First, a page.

Spending a day with the gentle giants

{ Chiang Mai, Thailand - Feb 2011 }

I didn't expect to fall in love with them. They are huge - I am probably just the size of their leg. They are strong and have always played an important part in the logging business. However, I went with an open mind, but thinking that I'll probably be keeping my distance.

While still at the deck receiving an introduction of the park and safety instructions, a mischievous young one destroyed the fence, and used his trunk to steal some fruits on the deck. Now, I don't usually endorse bad behavior, but it was so endearing that I could not help but smile.


Some form of activities with the elephants are on the list of almost every visitors to the northern city of Thailand, Chiang Mai - be it a ride on the elephant, a show where the mahout showcased the elephants agility by playing football and painting or just admire them behind the fences. After searching the many parks in Chiang Mai, I decided that I would do something different - to go to a park where all they want to do is to provide a sanctuary to the broken, injured and traumatised. Where visitors help the mahout to bath and feed the elephants, not ride them. And so, the visit to the Elephant Nature Park was booked.


The visit started with a walk around the vast area that made up the park. We were introduced to some of the elephants that had found a haven in the park, all thanks to a lady called Lek, who may be small in size, but big in her heart. We had the chance to see her around the park, caring and tending to the elephants.


Most of the elephants have very sad stories, which the mahout shared with us. After the use of the Asian elephants were banned in Thailand, many of the owners found themselves stuck with a huge animal with insatiable diet and no means of earning money from them. Some elephants found themselves right in the heart of cities like Bangkok doing small tricks for some treats. Others were bullied, injured and left to tend for themselves.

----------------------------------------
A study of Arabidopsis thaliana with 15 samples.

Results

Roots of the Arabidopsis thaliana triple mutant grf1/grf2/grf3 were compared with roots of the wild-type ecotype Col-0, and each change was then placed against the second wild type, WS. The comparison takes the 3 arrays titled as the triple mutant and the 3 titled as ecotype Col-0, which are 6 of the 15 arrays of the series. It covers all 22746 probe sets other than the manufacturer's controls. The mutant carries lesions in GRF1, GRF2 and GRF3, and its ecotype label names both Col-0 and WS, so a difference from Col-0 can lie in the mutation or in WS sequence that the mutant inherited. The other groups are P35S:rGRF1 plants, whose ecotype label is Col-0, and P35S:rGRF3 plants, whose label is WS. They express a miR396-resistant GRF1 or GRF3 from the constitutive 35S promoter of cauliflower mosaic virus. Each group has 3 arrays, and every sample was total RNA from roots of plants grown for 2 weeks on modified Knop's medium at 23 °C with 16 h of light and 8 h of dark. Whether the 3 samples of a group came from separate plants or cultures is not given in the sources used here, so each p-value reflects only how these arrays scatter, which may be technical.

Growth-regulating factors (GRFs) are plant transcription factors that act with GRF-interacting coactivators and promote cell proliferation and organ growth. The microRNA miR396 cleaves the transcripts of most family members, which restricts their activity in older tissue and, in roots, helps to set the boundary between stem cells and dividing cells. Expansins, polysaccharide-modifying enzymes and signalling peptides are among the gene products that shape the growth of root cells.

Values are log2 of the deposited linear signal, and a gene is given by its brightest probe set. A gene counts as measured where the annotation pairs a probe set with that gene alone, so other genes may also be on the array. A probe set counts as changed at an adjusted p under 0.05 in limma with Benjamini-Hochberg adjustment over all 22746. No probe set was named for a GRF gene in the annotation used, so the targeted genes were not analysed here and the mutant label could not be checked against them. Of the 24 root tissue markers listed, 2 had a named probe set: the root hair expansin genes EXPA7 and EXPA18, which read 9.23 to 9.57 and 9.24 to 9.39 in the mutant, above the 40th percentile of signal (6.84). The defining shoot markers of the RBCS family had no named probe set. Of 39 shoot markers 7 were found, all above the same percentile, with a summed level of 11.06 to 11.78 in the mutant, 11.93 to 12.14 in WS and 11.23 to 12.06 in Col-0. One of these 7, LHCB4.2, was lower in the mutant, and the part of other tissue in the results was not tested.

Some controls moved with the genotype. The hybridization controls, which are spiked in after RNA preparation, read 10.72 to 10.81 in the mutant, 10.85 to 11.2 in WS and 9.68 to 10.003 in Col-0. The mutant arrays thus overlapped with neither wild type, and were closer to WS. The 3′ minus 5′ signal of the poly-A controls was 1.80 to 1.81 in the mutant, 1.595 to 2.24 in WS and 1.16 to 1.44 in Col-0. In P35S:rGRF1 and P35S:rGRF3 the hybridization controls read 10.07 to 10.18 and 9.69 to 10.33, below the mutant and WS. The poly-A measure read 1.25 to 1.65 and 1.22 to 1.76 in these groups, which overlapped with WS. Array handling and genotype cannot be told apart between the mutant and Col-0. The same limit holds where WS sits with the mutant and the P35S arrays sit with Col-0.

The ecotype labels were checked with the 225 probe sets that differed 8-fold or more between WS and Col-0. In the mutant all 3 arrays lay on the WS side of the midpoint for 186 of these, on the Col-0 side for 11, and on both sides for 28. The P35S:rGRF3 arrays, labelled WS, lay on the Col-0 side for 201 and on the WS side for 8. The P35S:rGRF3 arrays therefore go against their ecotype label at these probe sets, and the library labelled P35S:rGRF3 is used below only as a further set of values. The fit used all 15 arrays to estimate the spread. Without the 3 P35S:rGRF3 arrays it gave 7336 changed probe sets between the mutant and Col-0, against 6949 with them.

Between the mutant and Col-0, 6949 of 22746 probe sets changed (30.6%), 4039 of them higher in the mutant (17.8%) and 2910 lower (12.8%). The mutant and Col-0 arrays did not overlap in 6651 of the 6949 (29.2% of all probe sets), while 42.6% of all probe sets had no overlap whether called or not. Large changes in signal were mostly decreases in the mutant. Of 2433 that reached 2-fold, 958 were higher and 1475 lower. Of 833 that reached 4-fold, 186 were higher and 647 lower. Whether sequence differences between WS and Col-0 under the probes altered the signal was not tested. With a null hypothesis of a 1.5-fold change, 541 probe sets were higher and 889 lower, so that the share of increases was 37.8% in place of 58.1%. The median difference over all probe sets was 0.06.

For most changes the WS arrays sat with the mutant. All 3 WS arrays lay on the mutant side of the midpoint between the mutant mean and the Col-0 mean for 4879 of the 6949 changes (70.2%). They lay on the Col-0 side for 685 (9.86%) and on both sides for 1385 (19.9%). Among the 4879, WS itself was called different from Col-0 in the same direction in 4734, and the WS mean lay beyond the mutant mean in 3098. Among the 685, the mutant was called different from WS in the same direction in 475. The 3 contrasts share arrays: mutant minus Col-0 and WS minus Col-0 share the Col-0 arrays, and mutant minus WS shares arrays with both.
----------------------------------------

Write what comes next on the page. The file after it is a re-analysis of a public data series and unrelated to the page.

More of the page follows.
We then helped to carry some fruits and vegetables out for the elephants. The store room had so much food to feed the 35 elephants they have in the park. It was then time to feed the elephants! I basically just took half the watermelon which was bigger than the size of my hand, stretched out my arm and the elephant would use his trunk to take the fruits into his mouth, and immediately wanted another one! They all ate so quickly that I did not even have time to rest. It was really an amazing experience to be so near them. We fed the elephants a few more times throughout the visit, and each was better than the previous as I became more accustomed (and less afraid) of their size.


It was then time to bathe the elephants. Off they went into the river and we were given buckets to splash water on the elephants. Well, it would be better if I get to scrub them. Then again, it would have been a waste of time, as right after the elephants got out from the water, they started spraying sand and covering themselves with mud!


It was also quite funny seeing one of the elephant scratching his butt!


We then spent some time roaming around the elevated area (where we could see the elephants from a safe place) and enjoyed some quiet time enjoying the beautiful area. We were also shown a documentary on the park, on some of the elephants that they had rescued.


All in all, I loved my day spent in the Elephant Nature Park. It was an amazing experience being with the elephants up-close, without the fences and gates in the zoo. Now, I should plan more trips where I get to be near the animals in their natural surrounding - maybe a trip to Sandakan for the Orang Utan is next!

::: Footnotes :::

{ Elephant Nature Park } Visit their website http://www.elephantnaturepark.org/ for more information on the amazing work that they do, the story of each of the elephants they have in the park and the details if you wish to visit the park.